Solving the context problem in JavaScript

In the previous lesson, you saw how the context is lost in the inner function. Let's solve this problem. There are several solutions. Let's take a look at them.

First solution to the problem

The solution is as follows: in the outer function, write this to any variable and this variable will be available in the inner function, like all variables (usually this variable is called self). Thus, we will pass this from the outer function to the inner one:

"use strict"; let elem = document.querySelector('#elem'); elem.addEventListener('blur', parent); function parent() { console.log(this.value); // shows 'text' let self = this; // write this to any variable, for example, to self function child() { console.log(self.value); // shows 'text' } child(); }

Let this code be given:

<input id="elem" value="3"> "use strict"; let elem = document.querySelector('#elem'); elem.addEventListener('blur', func); function func() { alert( square() ); function square() { return this.value * this.value; } }

The author of the code wanted the square of the number from input value to be displayed on the screen when focus was lost. However, for some reason, when focus is lost, an error is generated in the console. Please fix the code author's mistake. Write a text in which you will explain to the author of the code why this error occurred.

Second solution to the problem

There is another solution to the problem. Let's make the function child take a parameter:

function child(param) { // here will be a code }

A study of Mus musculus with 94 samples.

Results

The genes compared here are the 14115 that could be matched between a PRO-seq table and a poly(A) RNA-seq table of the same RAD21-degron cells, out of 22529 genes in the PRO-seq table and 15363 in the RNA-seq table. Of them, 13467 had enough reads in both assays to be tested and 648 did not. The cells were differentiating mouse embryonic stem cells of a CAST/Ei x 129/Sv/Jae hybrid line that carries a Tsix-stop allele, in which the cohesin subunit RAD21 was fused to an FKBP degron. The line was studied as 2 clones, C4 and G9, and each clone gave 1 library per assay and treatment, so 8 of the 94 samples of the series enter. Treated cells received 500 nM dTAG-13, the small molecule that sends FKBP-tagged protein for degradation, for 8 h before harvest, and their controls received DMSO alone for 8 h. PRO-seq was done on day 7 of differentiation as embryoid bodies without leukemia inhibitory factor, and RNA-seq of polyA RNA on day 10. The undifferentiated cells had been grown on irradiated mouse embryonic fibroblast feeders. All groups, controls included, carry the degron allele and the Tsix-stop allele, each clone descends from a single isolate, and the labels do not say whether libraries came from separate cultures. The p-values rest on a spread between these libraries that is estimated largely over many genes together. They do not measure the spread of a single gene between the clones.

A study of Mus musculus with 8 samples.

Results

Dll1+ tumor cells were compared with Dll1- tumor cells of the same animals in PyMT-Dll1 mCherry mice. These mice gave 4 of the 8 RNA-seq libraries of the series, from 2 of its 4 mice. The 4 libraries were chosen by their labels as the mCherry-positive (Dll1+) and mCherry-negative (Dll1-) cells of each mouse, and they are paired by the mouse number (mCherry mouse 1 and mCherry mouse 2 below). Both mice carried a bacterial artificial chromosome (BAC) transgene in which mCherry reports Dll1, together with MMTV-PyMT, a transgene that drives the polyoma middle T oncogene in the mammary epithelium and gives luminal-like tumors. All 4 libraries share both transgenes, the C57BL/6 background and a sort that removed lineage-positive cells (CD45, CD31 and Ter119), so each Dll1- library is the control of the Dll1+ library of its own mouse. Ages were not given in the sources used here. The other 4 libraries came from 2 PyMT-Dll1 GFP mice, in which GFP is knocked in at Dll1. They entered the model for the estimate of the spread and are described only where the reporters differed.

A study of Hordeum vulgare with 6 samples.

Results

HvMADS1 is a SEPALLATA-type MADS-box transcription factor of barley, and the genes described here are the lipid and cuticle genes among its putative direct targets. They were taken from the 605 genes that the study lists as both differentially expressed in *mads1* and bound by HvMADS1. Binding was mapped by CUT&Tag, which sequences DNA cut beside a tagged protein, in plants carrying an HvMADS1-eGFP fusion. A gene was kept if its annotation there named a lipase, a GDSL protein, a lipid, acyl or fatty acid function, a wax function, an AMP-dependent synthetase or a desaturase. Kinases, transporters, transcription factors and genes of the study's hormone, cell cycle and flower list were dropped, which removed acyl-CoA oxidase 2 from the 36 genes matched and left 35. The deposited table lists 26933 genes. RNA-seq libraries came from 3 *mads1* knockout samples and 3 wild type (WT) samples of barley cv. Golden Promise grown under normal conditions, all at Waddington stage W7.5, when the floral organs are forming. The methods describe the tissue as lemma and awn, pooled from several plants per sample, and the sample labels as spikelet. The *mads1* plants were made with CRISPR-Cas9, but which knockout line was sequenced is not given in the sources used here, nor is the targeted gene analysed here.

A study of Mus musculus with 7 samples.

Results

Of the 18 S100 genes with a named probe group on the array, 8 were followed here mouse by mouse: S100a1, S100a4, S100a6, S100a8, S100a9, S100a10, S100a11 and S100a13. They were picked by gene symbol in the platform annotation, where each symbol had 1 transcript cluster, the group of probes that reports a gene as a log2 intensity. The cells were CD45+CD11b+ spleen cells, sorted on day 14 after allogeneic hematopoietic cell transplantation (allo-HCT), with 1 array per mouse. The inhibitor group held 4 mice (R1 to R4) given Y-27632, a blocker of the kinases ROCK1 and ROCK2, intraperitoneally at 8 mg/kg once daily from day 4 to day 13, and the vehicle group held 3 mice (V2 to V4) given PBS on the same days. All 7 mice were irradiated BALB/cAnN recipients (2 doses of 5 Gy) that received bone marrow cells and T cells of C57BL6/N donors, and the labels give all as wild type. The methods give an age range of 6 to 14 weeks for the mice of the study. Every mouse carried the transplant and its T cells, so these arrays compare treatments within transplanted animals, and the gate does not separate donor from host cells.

And when calling this function, we will pass this into it:

function parent() { child(this); // pass the this as parameter function child(param) { // the param variable contains the passed content of this } }

Since the call to child is carried out in the parent function, the passed this points out what we needed. Then the this gets into the param parameter and will be available inside the function in this form.

Here is the final code:

let elem = document.querySelector('#elem'); elem.addEventListener('blur', parent); function parent() { child(this); // passes the this as parameter function child(param) { console.log(param.value); // prints the value of the input } }

Take the code from the previous task and fix the code problem using the second method you learned.

Third solution to the problem

The third solution to the problem is to use arrow functions, which appeared in JavaScript not so long ago. Such functions, among other things, do not have their own context, but retain the context of the parent. Let's fix our problem with an arrow function:

let elem = document.querySelector('#elem'); elem.addEventListener('blur', parent); function parent() { console.log(this.value); // shows 'text' let child = () => { console.log(this.value); // shows 'text' } child(); }

Take the code from the previous task and fix the code problem using the third method you learned.